The Hebrew name is easy to understand: D’varim is the first important word in the text. But Deuteronomy?
It is from Greek and was introduced by the Septuagint; its meaning is “Second Law”. This is actually closer to the Hebrew Mishneh Torah, from Deut. 17:18, which is the rabbinic term for the Book.
It is not so much a Second Law as a restatement of earlier commandments, some of them promulgated nearly forty years earlier when the people stood at Mount Sinai.
The legal tone is unmistakable, but it is wrapped up in poetry and spirituality that makes it an especially memorable farewell message from Moses, summing up his life’s work on the verge of the entry into the Promised Land and his own death.
One might get the impression that the Moses who is delivering the message is a legislator, but Ahad HaAm rightly points out that “lawmaker” is not the best way of summing up the great leader. Nor is “general” or any of the other epithets that attempt to characterise the long and distinguished career of Moses.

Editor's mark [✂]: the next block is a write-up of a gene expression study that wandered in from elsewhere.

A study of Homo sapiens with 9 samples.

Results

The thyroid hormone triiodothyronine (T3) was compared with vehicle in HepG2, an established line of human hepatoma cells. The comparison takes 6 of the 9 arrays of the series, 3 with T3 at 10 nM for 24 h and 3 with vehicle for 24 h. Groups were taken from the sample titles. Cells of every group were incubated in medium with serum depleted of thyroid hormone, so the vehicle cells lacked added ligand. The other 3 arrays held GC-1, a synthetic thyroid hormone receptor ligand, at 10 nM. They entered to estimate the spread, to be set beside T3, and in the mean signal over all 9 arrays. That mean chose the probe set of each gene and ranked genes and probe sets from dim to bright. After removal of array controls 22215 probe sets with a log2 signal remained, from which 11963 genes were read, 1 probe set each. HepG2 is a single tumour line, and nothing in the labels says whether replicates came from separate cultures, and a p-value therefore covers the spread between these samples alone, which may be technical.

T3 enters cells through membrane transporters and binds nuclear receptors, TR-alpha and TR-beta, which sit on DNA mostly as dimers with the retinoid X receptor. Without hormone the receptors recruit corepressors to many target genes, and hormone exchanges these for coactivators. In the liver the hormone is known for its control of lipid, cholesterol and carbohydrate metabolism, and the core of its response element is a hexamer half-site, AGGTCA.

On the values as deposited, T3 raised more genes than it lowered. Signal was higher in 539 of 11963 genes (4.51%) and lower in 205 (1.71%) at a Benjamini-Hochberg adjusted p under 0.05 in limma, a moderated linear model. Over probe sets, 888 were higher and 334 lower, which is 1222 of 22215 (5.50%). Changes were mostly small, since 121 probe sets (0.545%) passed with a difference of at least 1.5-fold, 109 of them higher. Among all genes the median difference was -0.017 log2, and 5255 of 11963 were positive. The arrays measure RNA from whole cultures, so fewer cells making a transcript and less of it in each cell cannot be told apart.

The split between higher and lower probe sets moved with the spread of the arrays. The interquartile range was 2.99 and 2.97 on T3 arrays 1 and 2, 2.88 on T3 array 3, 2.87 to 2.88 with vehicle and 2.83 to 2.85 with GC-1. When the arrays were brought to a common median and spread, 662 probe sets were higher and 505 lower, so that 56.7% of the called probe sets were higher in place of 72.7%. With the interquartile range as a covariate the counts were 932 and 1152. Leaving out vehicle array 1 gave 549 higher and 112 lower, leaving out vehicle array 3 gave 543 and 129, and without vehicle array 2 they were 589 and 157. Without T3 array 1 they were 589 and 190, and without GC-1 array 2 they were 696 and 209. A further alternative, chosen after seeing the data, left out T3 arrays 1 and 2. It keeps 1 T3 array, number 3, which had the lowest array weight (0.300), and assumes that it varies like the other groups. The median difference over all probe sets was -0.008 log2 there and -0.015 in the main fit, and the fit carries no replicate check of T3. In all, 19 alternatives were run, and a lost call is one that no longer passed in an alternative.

As far as Ahad HaAm is concerned, the best word for Moses is “prophet”, not in the popular sense of someone who foretells the future but in his capacity as the spokesman whose task is to forthtell the word of God.
Jewish tradition accepts that Moses was the father (in the sense of chief) of the prophets but its general term for him is not Moshe HaNavi but Moshe Rabbenu, “Moses our Teacher”.
If Abraham founded the Jewish people, Moses founded Judaism – the faith that hears the Divine teaching and dedicates its history to studying the Word and passing it down from generation to generation.